Discrete Nuclear Structures in Actively Growing Neuroblastoma Cells are Revealed by Antibodies Raised Against Phosphorylated Neurofilament Proteins

Weigum, Shannon E.
Garcia, Dana M.
Christodoulides, Nicholas
Koke, Joseph R.
Raabe, Timothy D.
Background: Nuclear objects that have in common the property of being recognized by monoclonal antibodies specific for phosphoprotein epitopes and cytoplasmic intermediate filaments (in particular, SMI-31 and RT-97) have been reported in glial and neuronal cells, in situ and in vitro. Since neurofilament and glial filaments are generally considered to be restricted to the cytoplasm, we were interested in exploring the identity of the structures labeled in the nucleus as well as the conditions under which they could be found there. Results: Using confocal microscopy and western analysis techniques, we determined 1) the immunolabeled structures are truly within the nucleus; 2) the phosphoepitope labeled by SMI-31 and RT-97 is not specific to neurofilaments (NFs) and it can be identified on other intermediate filament proteins (IFs) in other cell types; and 3) there is a close relationship between DNA synthesis and the amount of nuclear staining by these antibodies thought to be specific for cytoplasmic proteins. Searches of protein data bases for putative phosphorylation motifs revealed that lamins, NF-H, and GFAP each contain a single tyrosine phosphorylation motif with nearly identical amino acid sequence. Conclusion: We therefore suggest that this sequence may be the epitope recognized by SMI-31 and RT-97 mABs, and that the nuclear structures previously reported and shown here are likely phosphorylated lamin intermediate filaments, while the cytoplasmic labeling revealed by the same mABs indicates phosphorylated NFs in neurons or GFAP in glia.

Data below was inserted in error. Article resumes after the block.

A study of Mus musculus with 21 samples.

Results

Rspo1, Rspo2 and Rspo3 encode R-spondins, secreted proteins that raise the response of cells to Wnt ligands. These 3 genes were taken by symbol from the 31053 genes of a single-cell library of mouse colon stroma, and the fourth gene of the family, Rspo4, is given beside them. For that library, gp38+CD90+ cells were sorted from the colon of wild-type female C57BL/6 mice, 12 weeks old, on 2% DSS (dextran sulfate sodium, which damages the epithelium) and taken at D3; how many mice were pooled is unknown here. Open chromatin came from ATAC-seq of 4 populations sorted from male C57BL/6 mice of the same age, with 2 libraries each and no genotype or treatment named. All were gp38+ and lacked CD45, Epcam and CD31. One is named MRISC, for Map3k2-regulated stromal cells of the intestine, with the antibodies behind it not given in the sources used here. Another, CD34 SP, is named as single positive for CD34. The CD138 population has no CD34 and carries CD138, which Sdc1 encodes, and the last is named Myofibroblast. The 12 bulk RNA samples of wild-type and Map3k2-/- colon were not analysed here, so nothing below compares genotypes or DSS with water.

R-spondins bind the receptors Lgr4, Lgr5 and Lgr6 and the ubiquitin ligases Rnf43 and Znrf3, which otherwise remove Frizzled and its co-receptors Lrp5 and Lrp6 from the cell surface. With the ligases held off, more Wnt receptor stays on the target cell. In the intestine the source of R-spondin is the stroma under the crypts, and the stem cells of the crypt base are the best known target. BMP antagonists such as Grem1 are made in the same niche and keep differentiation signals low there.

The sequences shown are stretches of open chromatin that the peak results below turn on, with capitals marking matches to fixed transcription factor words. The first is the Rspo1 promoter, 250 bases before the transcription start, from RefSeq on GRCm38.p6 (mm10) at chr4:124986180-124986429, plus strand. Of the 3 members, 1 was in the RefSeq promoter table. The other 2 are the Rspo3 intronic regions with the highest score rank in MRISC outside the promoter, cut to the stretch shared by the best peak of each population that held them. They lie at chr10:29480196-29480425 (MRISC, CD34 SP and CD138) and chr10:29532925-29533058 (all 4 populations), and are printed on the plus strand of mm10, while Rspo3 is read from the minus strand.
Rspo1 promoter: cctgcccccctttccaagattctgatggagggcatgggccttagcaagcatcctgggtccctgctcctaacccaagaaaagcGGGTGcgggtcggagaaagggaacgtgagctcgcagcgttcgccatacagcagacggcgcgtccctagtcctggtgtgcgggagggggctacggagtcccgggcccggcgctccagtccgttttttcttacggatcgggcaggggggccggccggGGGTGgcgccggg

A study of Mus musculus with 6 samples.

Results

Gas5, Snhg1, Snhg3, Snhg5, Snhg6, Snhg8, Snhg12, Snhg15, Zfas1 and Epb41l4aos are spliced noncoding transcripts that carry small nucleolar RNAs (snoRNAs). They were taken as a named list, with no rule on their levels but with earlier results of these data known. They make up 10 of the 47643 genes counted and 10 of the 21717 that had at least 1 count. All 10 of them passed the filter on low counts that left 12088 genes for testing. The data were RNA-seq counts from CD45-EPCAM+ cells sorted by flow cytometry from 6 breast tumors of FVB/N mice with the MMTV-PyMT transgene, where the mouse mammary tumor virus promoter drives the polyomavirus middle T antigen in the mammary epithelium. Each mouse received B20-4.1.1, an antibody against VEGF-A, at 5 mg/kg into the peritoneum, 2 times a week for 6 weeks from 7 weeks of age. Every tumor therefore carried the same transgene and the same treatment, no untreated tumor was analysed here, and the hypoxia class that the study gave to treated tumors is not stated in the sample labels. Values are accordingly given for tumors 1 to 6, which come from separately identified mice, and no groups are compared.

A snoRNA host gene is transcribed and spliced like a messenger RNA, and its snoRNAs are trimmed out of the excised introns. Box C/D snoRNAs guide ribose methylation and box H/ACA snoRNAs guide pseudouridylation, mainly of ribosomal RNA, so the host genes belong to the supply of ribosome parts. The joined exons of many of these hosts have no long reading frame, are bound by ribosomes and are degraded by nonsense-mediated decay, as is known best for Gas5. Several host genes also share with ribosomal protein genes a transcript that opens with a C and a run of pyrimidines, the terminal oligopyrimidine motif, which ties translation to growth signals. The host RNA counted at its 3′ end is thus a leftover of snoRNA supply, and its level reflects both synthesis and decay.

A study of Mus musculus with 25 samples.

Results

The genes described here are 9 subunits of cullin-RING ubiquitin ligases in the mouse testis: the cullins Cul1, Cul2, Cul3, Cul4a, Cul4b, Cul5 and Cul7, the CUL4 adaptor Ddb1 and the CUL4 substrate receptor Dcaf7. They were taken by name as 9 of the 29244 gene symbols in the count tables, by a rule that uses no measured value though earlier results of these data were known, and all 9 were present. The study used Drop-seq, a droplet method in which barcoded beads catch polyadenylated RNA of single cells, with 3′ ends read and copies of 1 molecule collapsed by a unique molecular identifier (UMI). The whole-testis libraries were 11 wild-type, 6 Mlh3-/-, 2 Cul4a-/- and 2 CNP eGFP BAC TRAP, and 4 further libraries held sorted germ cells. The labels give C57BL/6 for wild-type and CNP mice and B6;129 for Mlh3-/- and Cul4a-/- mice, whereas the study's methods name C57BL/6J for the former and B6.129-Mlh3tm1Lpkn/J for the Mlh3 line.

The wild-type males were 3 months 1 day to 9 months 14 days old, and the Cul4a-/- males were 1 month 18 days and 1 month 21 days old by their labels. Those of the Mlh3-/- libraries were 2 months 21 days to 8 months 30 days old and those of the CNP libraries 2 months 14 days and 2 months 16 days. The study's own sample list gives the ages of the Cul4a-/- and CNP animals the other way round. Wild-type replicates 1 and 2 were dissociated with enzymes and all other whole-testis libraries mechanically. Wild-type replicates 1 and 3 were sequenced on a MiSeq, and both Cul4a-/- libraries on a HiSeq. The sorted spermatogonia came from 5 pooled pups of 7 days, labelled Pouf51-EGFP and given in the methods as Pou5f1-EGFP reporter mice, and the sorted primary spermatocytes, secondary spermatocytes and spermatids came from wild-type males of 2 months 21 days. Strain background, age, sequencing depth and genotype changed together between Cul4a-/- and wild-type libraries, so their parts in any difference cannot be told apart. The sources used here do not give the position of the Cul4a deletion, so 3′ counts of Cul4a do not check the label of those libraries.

neuroblastoma cells, phosphoprotein epitopes, cytoplasmic intermediate filaments, Biology
Weigum, S. E., García, D. M., Raabe, T. D., Christodoulides, N. & Koke, J. R. (2003). Discrete nuclear structures in actively growing neuroblastoma cells are revealed by antibodies raised against phosphorylated neurofilament proteins. BMC Neuroscience, 4(6).